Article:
Several Torah commandments involving agricultural practices in the Land of Israel apply even when the products are exported to other countries. Recent estimates are that Israel exports over seven billion dollars worth of agricultural products per year, all subject to the Torah's agricultural laws.

Any food from Israel, whether fresh or packaged, requires reliable supervision. Israeli produce has become common in American supermarkets. Jaffa oranges are the most famous, but one can also find Israeli tomatoes and other produce. Packaged and processed foods from Israel such as crackers, soups, and candies are also widely available. All of these foods must comply with the following agricultural laws:

T'rumah and Ma'aser: Gifts for those who served in the Holy Temple. When the Jewish people settled in the land of Israel, eleven tribes received a portion of land as an inheritance. The twelfth tribe, Levi, comprised of Levi' im and Kohanim, did not receive portions of land. Their lives were to be devoted to serving G‑d in the Holy Temple, not to working the land. The other tribes, known collectively as Israelites, were commanded to give to the tribe of Levi the "first fruits of corn, of thy wine, and of thine oil, and the first of the fleece of thy sheep." (Deuteronomy 28:4)

By giving a portion of the land's produce to the Kohanim and Levi'im, living representatives of G‑d and the Torah, the Jews made tangible the concept that material possessions must be used in the service of spiritual life.

In addition, a certain percentage of the crops were to be designated for the poor (ma'aser oni) and a certain part to be eaten only in Jerusalem (ma'aser sheni).

Even today, fruits, vegetables, and grains grown in the Land of Israel are subject to the laws of t'rumah and ma'aser. Although these special portions are no longer consumed, the food may not be eaten until the portions of t'rumah and ma'aser are separated. Consult an orthodox rabbi for practical guidance in applying these laws.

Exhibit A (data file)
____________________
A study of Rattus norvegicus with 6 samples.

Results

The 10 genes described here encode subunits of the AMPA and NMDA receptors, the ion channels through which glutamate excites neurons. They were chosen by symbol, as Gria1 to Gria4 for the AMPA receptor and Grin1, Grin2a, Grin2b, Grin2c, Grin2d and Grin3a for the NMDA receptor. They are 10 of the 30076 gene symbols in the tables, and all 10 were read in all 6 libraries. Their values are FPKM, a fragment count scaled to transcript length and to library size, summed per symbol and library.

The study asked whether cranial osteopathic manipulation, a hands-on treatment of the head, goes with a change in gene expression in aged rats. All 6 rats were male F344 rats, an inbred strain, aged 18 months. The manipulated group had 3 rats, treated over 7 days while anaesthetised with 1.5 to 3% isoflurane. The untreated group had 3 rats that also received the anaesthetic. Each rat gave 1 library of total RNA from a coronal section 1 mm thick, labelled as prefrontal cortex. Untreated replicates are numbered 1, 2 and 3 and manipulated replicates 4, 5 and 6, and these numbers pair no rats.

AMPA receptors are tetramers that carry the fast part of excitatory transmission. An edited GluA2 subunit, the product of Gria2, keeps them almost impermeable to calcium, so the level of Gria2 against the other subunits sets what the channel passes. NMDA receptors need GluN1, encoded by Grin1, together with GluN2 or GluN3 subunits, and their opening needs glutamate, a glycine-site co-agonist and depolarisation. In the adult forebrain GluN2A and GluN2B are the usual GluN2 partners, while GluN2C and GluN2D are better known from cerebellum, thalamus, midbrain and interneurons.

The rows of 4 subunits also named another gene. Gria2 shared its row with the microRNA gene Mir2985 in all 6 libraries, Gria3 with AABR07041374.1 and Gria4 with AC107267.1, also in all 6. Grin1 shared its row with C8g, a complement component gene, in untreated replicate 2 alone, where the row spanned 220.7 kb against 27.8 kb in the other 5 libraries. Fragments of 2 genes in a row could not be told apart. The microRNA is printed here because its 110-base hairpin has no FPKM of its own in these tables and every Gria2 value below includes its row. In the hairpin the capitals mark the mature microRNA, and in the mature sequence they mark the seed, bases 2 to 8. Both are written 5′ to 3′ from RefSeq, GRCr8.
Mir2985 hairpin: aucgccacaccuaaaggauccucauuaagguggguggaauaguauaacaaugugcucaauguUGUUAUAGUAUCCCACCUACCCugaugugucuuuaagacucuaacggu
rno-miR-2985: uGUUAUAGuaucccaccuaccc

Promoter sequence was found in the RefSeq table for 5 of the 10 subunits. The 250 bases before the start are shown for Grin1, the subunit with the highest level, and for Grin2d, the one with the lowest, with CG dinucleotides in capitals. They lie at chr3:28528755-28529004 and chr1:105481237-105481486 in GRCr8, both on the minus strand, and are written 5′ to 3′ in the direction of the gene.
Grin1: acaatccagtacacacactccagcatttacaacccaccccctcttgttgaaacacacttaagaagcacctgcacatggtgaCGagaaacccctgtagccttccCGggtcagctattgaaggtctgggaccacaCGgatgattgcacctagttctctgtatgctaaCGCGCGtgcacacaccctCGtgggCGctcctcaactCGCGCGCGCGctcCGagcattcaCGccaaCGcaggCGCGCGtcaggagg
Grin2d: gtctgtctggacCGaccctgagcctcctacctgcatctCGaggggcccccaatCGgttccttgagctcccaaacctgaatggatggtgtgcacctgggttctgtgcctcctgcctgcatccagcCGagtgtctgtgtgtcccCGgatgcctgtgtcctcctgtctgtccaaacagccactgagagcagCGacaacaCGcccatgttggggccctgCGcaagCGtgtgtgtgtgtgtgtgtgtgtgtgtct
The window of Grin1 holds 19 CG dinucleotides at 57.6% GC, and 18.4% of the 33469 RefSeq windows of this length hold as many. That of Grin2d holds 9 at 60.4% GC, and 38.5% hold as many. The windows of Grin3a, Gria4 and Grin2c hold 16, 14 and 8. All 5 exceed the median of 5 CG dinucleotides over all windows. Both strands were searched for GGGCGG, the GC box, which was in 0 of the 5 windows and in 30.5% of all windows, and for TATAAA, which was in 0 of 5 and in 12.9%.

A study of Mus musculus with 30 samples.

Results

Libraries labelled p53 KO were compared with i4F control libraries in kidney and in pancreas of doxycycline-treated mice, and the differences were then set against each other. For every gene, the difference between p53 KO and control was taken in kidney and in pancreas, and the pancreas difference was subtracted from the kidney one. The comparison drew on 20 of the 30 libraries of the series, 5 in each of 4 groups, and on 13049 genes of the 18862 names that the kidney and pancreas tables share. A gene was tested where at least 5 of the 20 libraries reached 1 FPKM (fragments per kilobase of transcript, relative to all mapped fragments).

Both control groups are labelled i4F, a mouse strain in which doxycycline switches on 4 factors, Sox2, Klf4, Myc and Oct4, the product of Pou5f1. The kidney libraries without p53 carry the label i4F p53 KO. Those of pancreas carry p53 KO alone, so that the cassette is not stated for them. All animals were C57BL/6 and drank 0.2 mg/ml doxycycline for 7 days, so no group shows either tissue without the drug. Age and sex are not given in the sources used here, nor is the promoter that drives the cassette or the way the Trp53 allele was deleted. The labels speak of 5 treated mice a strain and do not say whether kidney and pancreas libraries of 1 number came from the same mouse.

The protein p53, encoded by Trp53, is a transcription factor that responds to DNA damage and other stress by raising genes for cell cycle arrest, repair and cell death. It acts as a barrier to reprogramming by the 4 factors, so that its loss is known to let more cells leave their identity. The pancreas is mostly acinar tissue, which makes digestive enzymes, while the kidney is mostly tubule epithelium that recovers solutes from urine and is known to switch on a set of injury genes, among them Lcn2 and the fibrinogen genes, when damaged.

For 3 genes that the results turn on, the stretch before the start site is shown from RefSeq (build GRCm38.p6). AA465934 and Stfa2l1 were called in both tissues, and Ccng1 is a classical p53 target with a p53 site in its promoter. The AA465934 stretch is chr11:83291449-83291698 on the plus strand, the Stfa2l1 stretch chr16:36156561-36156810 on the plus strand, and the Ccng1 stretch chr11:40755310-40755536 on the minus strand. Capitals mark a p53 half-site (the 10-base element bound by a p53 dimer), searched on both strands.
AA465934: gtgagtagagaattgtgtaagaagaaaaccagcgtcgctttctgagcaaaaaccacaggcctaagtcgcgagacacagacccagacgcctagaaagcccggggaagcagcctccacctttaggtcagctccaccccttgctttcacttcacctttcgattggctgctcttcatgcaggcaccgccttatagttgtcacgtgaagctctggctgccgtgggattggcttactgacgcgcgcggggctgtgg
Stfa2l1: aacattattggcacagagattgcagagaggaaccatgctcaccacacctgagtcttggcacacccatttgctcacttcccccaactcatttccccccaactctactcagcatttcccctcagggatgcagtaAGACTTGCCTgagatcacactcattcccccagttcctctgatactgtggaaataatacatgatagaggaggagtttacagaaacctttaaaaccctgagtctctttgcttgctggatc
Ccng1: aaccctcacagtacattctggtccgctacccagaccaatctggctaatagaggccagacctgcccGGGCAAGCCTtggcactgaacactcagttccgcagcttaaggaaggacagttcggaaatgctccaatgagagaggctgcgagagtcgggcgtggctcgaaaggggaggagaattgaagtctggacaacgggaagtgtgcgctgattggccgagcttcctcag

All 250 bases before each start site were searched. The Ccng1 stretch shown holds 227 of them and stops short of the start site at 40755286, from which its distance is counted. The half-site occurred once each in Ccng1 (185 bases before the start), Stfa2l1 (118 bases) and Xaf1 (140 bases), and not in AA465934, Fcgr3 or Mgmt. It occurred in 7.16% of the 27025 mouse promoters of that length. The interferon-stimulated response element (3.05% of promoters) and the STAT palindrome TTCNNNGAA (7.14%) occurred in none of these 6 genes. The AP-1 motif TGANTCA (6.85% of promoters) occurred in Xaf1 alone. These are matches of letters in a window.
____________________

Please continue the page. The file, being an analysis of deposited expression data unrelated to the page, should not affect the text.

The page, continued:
Shmittah: A year of rest for the land. Every seventh year in the Land of Israel is a "sabbatical" year for the land, just as every seventh day is a Sabbath day for each individual Jew: "You may plant your land for six years and gather its crops. But during the seventh year, you must leave it alone and withdraw from it. The needy among you will then be able to eat from your fields just as you do..." (Exodus 23:10-I I )

Farmers in Israel who observe the shmittah year proclaim their faith in G‑d, Who promised to give a blessing in the sixth year so that their needs would be more than met in the seventh. No food may be grown or cultivated during this year, and all poor or needy people are welcome to collect any crops remaining in the fields. It is forbidden to eat food grown by a Jew in Israel during the shmittah year.

Orlah: The fruit of young trees. Fruit which has grown in the first three years of a tree's existence is called orlah and may not be used. Even in the fourth year certain restrictions apply. Supervison is therefore necessary on fruit from Israel. However, for fruit grown outside of Israel, only that fruit which is definitely known to be orlah is prohibited.